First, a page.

Residents living in the North West are being encouraged to have their say on the region’s new Decarbonisation Strategy.
The drafted plans made by Transport for the North set out ambitious targets for ‘near-zero surface transport carbon by 2045’ to help address climate change in the area.
The survey highlights the region’s enthusiasm to tackle carbon emissions, aiming to go above and beyond the UK government’s national Clean Air Strategy, which has set stringent targets to cut to cut emissions by 2020 and 2030.
Air pollution currently accounts for 1200 deaths every year in Greater Manchester and can cause a range of illnesses and health conditions.
The first ever North of England #Decarbonisation Strategy is open for consultation.
It brings together the region’s leaders to speak out with one voice on the climate emergency.
— Transport for the North (@Transport4North) June 21, 2021
Among the potential areas of focus for the North West include an increase in zero-emission vehicles (with a network of charging facilities), the decarbonisation of the rail network through electrification, the use of alternative fuel vehicles and an increase in the use of public transport.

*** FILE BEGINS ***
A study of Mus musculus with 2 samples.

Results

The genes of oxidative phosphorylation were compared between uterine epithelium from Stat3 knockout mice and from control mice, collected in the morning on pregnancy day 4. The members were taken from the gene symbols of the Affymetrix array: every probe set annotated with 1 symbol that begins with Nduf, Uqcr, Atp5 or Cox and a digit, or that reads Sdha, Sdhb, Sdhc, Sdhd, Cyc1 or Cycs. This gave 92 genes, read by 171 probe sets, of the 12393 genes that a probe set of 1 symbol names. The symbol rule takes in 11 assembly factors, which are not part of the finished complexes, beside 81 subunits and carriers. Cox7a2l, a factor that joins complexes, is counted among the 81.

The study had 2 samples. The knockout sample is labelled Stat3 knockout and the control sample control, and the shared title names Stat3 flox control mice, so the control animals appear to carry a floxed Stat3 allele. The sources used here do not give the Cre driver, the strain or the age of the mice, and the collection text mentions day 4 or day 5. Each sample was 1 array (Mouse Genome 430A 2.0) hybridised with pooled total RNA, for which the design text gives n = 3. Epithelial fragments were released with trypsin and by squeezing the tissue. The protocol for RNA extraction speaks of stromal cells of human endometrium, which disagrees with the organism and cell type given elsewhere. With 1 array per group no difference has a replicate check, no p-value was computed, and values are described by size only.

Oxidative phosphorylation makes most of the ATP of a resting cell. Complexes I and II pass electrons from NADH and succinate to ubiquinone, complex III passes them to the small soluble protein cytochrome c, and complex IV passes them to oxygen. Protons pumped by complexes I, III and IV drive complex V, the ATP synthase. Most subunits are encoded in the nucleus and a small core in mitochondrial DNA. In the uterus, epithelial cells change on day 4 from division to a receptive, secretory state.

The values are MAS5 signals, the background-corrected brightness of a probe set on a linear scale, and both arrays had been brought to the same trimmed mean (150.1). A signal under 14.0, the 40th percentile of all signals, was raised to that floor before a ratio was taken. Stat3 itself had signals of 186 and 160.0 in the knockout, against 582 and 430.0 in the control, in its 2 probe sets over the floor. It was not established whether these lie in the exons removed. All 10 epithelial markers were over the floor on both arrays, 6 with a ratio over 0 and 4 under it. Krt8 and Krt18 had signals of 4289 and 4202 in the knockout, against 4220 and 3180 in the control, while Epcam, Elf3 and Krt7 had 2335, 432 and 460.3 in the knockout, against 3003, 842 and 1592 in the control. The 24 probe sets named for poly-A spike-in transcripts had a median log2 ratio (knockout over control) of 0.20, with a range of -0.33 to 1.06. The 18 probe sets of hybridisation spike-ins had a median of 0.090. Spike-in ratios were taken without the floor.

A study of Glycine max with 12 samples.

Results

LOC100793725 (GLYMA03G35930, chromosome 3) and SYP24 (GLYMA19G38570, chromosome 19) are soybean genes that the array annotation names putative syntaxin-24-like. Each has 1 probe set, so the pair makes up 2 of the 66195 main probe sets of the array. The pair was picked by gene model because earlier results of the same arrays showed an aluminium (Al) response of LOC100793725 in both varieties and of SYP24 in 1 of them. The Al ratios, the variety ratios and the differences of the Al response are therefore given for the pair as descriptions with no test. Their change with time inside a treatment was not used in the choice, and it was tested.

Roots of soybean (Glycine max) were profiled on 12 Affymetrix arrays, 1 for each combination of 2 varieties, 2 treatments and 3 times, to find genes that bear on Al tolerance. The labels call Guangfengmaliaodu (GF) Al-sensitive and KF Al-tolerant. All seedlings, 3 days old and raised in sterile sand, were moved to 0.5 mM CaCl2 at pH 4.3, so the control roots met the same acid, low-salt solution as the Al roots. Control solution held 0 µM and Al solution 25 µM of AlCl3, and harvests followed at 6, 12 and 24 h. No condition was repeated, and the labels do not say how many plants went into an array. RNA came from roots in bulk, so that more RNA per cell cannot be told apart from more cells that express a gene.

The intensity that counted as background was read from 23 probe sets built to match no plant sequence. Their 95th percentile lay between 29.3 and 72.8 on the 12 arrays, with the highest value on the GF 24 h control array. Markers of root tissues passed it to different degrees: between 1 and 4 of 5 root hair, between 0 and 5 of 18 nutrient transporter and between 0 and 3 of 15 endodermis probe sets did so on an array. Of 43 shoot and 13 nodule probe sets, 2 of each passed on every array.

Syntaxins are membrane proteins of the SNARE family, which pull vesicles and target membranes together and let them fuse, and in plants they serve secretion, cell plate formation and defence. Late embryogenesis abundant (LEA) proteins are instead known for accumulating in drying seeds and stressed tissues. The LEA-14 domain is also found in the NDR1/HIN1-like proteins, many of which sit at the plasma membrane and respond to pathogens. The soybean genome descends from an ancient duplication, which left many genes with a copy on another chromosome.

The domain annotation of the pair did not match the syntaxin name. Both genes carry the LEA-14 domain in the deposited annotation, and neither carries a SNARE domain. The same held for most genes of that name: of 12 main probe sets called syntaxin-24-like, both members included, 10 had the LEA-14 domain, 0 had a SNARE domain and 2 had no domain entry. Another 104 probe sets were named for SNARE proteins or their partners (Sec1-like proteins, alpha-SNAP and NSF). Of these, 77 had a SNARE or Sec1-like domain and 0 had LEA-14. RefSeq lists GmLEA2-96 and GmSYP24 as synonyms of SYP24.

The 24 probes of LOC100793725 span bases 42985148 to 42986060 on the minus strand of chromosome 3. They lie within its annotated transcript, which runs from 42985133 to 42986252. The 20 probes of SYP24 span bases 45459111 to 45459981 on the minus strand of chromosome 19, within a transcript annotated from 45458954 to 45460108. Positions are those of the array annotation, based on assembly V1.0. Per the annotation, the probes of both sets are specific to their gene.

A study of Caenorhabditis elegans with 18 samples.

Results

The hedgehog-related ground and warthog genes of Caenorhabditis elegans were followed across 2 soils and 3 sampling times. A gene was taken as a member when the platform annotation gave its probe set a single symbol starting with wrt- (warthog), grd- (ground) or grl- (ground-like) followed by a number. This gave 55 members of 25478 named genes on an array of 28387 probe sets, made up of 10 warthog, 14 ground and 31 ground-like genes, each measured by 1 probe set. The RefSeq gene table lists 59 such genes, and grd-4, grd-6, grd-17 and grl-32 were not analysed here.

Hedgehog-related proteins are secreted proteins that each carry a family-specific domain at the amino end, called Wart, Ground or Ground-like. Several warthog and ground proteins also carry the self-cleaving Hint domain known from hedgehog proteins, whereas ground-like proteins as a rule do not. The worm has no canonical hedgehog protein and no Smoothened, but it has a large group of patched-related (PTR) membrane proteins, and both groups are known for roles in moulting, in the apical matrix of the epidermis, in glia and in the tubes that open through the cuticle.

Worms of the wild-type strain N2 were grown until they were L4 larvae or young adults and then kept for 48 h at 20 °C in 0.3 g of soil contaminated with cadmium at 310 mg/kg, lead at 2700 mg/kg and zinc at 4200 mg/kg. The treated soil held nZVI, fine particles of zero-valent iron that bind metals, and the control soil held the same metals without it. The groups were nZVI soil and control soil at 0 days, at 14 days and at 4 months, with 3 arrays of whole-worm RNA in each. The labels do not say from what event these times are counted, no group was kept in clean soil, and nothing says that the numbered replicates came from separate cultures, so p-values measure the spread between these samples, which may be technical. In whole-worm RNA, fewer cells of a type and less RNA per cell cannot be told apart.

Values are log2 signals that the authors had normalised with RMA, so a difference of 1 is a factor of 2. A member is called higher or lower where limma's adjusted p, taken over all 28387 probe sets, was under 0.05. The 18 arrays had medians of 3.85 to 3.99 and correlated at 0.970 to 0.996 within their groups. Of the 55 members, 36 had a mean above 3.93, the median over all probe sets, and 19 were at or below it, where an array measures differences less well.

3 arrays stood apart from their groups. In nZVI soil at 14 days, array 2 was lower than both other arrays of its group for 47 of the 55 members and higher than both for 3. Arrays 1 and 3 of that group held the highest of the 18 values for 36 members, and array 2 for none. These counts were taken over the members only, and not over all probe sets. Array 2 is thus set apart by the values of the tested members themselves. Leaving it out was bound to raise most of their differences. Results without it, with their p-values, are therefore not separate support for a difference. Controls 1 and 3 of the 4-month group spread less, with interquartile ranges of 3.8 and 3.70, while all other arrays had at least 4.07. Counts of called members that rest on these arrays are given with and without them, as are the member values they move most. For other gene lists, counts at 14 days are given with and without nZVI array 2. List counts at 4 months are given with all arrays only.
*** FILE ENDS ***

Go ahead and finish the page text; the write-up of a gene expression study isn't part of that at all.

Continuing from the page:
Mayor of Greater Manchester, Andy Burnham, said: “If we are going to tackle the climate emergency, we need to work together and make sure we are all pulling in the same direction.
“Accelerating towards a decarbonised transport network must be at the heart of public policy making and investment decisions going forward, and I’m glad that the North is leading the way with this strategy as it will support Greater Manchester’s own ambitions to achieve carbon neutrality by 2038.
“I would urge all residents to give their views in this consultation to shape the future of more sustainable transport and travel in the North.”
To read the full strategy and have your say, click here. The consultation closes at 12:00 pm on Tuesday 31 August 2021.
TfN is also hosting an online event at 2 pm on Wednesday 14 July over Zoom to provide an opportunity for people to ask questions and find out more.